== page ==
Ohio St. moves on to NCAA super-regional

Sarah Mitchell

Three Big Ten baseball programs entered last weekend in contention for a trip to the College World Series. Only Ohio State is still alive.
Both Minnesota (46-18) and Michigan were ousted in the championship round Sunday. The Gophers were defeated 22-6 by host Baylor, while the Wolverines were dropped 9-4 by Cal State-Fullerton.
The Buckeyes’ season, however, will go on. In front of its home crowd, Ohio State (49-12) swept through the four-team field, beating first-round opponent Bowling Green 4-1 and Mississippi State twice, 6-3 in the second round and 10-7 in the championship game. Ohio State had to come from behind in two of its three games.
The Buckeyes have been chosen to host the next round as well, being selected as one of eight schools to play home to the newly-created super regional round of the NCAA tournament. Cal State-Fullerton travels to Ohio State this weekend for a best-of-three series.
The winner of each super regional advances to the College World Series in Omaha, Neb., June 11-19.
North vs. South
In a press conference following Minnesota’s loss Sunday, Gophers coach John Anderson voiced his concern about the safety of Baylor’s half-finished facility and his belief that Bears coach Steve Smith continued to run up the score after Baylor was clearly on its way to the next round.
Anderson’s frustration didn’t end there, however. The veteran coach raised the issue of the lack of respect for Northern programs.
“I don’t think people realize, schools in the North, how hard we have to work to get here,” Anderson said. “All the advantages are to the Sun Belt because when the season is played the weather is good. They can build the biggest facility, and draw the most people, and have the most money and recruit the best players.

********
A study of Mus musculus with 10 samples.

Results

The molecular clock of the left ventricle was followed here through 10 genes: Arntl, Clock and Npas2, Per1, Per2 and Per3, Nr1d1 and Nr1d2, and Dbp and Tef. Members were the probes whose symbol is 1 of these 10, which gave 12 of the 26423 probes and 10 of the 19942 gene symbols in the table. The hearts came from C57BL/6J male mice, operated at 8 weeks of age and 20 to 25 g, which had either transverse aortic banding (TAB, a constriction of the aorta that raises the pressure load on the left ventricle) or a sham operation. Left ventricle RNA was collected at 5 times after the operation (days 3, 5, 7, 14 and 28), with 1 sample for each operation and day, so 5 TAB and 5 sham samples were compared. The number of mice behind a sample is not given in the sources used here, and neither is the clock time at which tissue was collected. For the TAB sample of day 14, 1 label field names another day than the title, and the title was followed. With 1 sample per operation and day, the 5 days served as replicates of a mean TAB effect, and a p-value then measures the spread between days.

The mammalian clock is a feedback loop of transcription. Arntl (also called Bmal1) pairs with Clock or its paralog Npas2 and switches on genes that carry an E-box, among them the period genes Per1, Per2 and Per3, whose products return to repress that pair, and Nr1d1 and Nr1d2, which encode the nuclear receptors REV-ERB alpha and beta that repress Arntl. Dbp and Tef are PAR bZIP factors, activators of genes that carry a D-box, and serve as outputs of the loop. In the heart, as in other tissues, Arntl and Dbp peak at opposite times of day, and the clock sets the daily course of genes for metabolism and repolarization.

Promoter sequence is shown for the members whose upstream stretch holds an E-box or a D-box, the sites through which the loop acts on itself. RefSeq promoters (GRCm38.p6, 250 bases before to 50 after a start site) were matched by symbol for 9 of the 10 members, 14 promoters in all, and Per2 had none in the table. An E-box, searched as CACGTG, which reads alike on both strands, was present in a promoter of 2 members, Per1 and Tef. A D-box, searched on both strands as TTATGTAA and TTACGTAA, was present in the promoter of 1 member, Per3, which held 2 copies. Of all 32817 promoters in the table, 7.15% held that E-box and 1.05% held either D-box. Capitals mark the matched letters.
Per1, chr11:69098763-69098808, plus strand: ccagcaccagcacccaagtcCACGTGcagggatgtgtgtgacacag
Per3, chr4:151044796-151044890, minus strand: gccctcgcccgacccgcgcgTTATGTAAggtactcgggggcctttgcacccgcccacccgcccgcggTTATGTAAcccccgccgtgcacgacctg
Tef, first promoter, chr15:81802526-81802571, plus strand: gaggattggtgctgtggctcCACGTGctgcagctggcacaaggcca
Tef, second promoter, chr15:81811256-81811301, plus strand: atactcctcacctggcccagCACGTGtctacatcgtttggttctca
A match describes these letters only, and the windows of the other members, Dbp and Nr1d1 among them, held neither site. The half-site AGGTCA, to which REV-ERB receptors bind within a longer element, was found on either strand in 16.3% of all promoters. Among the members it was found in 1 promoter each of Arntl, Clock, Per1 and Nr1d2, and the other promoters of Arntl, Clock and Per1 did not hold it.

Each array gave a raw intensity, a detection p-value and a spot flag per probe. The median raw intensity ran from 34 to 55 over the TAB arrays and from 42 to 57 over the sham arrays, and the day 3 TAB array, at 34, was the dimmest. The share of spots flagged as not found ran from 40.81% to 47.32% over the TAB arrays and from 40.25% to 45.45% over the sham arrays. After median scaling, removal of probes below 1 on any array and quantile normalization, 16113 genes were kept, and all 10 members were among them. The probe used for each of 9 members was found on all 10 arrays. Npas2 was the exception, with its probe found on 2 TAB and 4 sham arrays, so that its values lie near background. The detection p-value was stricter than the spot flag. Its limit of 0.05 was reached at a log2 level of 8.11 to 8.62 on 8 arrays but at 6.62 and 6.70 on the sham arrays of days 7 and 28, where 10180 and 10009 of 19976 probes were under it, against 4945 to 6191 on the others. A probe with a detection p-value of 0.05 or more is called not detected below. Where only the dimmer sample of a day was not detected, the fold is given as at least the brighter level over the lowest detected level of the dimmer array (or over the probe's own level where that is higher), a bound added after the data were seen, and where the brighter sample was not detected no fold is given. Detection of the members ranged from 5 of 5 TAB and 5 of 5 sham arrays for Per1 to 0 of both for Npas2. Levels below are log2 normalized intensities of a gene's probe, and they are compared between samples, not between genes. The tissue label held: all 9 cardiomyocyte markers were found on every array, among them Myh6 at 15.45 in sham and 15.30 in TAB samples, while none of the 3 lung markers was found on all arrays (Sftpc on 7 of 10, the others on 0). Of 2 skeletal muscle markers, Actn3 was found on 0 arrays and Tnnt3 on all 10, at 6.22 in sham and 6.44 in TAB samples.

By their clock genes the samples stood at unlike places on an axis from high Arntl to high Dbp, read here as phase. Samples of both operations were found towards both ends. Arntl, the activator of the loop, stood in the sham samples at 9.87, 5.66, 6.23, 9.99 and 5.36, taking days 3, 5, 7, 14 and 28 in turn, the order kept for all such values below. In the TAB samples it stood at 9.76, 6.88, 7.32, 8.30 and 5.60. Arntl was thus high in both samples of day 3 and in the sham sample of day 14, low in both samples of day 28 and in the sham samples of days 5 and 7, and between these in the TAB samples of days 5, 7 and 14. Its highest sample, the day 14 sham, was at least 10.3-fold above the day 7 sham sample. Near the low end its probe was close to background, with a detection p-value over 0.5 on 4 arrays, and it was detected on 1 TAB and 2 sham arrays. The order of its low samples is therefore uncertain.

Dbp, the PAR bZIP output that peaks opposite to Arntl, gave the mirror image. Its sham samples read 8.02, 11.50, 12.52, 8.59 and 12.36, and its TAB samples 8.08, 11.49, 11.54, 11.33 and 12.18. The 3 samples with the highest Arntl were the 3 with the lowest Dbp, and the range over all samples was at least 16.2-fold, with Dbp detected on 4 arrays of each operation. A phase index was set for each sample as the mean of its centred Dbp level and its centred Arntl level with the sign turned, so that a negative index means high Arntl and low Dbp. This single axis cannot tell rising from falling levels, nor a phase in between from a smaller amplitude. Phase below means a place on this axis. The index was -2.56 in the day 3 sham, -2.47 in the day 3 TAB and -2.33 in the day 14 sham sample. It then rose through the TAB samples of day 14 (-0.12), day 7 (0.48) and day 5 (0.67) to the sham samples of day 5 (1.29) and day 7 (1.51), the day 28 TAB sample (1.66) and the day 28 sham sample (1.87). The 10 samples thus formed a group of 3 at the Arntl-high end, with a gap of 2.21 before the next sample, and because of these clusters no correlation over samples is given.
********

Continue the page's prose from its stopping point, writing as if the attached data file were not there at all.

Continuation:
“I know they don’t respect us because we’re from the North, but I’d appreciate it if they could show respect for the schools in the North and how hard our kids have worked and how difficult it is to compete when the playing field is not level across the country.”
Bears pitching ace and designated hitter Jason Jennings and reliever Josh Scott defended Baylor and other Southern teams. Jennings said the difference in talent was merely coincidental.
“I don’t look at it Northern, Southern, Eastern or Western. Minnesota made it to the regional as a two seed, obviously their a good team,” Jennings said. “I look at every team as capable of beating anybody on any day.”
Jennings, the 6-foot-2, 243-pound national player of the year, used Nebraska to prove his point, calling Baylor’s Big XII foe a Northern school. After finishing fifth in regular season conference standings, the Cornhuskers defeated the Bears 4-3 for the conference tournament title.
“Northern schools have made a definite stride as far as college baseball goes,” Jennings said. “I have total respect for them.”
With the exception of Ohio State, all of the 16 teams still in contention for the national title are from the South. Scott said this number was not related to a difference in weather and like Jennings, he respected Northern teams.
“I can understand getting off to a slow start, but they still have the whole season to play with,” Scott said. “Minnesota gave us good competition.”